Thursday, August 26, 2010 , Posted by Sandy Fussell at 11:50 PM

It's no secret that I love words. I love making them up. Onomatopoeias are my favourite. I'm often making a lot of noise as I research sounds - banging my gong (that's Sensei in Samurai Kids!) and dropping rocks off my balcony (so I can hear the sound of Iluak tripping over the soapstone pots and pans in Polar Boy).

The other thing I really like to do with words is twist them into something the reader might not be expecting. There are lots of common phrases we all know well. For example if I said "White as..." I would bet my next book at least half the class would say "snow". And if I quoted an idiom like "the cat that swallowed the ..." the other half of the class would say "canary".

One way to improve your descriptions, and have some fun at the same time, is to always say the unexpected. And if possible, to relate the unexpected words you substitute, to the genre or tone of the book. For example in Samurai Kids, when I was describing a sly smile, I used "the cat that swallowed the crane". I specifically didn't want to say canary (like everyone would be expecting) and I chose crane because it was not only a Japanese bird but the spirit symbol of my main character Niya Moto.

Here are some common phrases for you to improve.

as white as snow
as dark as night
as hard as nails
as slow as a snail
as fast as bullet
as dead as a dodo
as weak as a kitten
squawking like a parrot
exploding like a bomb
crying like a baby
howling like a wolf
sparkle like diamonds
glitter like gold

And here are some idioms for a harder challenge. Don't forget to retain a sense of the meaning of the idiom. If I was writing a gothic horror story and the possibility of a character dying, I wouldn't say "I was afraid he might kick the bucket", I would say "I was afraid he might kick the coffin".
kick the bucket
cost an arm and a leg
jump the gun
let sleeping dogs lie
make a mountain out of a molehill
raining cats and dogs

Try and come up with truly unique twists. They might be genre relevant. Or really ridiculous and funny. Or beautifully descriptive. A favourite I remember from a workshop I did at the Sydney Writer's Festival was 'sparkle like a city of stars'.

Go on. Surpise me!

PS If YouTube was working for me tonight there would be a funny 'raining cats and dogs' link here. But alas... watch this space...



Currently have 6 comments:

  1. Anonymous says:

    Thats a great idea because i cant think of anymore but its a great idea :) Stacey

  1. Anonymous says:

    Hi Sandy! Tegan here. Lets see…

    As white as a…polar bear

    We went to the football one day, and my sister's friend's dad yelled out as a bombers football player "Nice shoes ya princess" The football player's shoes were pink. I thought about if the players shoes were yellow;"Nice shoes ya yellow footed daisy!" Then I thought it was very weird, since daisies don't have feet.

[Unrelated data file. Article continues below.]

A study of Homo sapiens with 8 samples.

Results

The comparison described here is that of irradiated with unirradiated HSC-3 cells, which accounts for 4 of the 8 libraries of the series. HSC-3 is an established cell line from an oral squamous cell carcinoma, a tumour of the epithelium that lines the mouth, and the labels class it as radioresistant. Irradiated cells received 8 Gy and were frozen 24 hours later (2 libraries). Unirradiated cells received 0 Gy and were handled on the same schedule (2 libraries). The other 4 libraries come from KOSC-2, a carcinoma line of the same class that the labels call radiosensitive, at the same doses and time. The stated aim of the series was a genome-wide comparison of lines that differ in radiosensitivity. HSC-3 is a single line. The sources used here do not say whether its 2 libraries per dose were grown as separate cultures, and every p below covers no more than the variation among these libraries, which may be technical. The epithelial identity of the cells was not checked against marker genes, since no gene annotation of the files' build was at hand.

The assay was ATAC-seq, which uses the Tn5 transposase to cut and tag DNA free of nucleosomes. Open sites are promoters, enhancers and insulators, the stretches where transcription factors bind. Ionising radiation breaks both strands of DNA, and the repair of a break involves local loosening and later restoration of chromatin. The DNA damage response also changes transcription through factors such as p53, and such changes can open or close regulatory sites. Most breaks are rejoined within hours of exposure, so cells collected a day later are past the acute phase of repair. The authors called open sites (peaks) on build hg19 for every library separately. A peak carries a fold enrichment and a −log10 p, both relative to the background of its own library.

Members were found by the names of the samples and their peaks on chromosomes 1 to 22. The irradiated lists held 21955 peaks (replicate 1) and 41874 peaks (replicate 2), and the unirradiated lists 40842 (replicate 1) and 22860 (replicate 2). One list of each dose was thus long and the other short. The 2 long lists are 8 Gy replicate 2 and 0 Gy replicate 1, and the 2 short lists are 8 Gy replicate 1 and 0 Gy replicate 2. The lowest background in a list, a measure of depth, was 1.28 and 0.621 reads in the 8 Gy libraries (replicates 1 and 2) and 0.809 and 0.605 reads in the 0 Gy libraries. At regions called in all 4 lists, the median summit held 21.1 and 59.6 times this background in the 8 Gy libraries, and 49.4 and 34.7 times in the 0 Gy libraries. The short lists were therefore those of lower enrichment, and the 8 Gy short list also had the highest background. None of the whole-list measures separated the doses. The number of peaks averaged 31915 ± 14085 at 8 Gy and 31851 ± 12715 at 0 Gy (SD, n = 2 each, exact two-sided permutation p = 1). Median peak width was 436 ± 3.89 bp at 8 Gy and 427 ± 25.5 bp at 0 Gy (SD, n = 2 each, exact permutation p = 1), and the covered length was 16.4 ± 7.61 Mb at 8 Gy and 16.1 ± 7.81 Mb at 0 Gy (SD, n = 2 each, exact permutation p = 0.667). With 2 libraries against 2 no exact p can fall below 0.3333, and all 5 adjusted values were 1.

Your as soaked as a husky after a swim!

    That blanket looks like a malamute rolled on it!


    Notice that I like to use things with dog breeds!



    As green as the grass in a cows stomach! (gross!)

    I think thats all I can think of now… Oh, if you like wolf books, YOU HAVE TO GET, Promise of the Wolves. I LOVED IT! IT WAS MY MOST FAVOURITE BOOK EVER, ITS THE ULTIMATE WOLF BOOK!

  1. Anonymous says:

    Hiya Sandy,

    I don't exactly get what you mean with changing the phrases, so i am going to change the words a bit so people won't expect it.

    as white as a polar bear
    howling like an upset baby
    exploding with anger
    as fast as a cheater
    as delicate as a baby bird

    Thats what I could come up with.

    Tanaya:)

  1. Thanks STACEY. It's the funny thing about writing tricks - sometimes you just can't think of an example but later when you are writing something - this tip on how to improve descriptive writing might just pop into your head and be useful. I hope! *smile*

  1. How could I not read the ultimate wolf book?!!! I'm on to it - and will track it down. Did I ask you if you have read the WOLVES OF TIME series by William Horwood? It's my favourite wolf book and from memory (I read it ages ago but it lives on as the favourite!) there are 3 books in the series.

    I thought this one was soclever - descriptive and funny!: As green as the grass in a cows stomach!

    I liked the fact you had a dog theme going with your twists. I have a Japan theme going with my twists in Samurai Kids.

  1. TANAYA, You are right, it is sometimes tricky to twist things outside the context of writing a story.

    These two were my 'picks' from your list:
    as fast as a cheater
    as delicate as a baby bird

    They both show you have definitely got the hang of it. As for the sayings - if you are writing one and it sounds familar - you will recognise it then and maybe change it a bit at the time.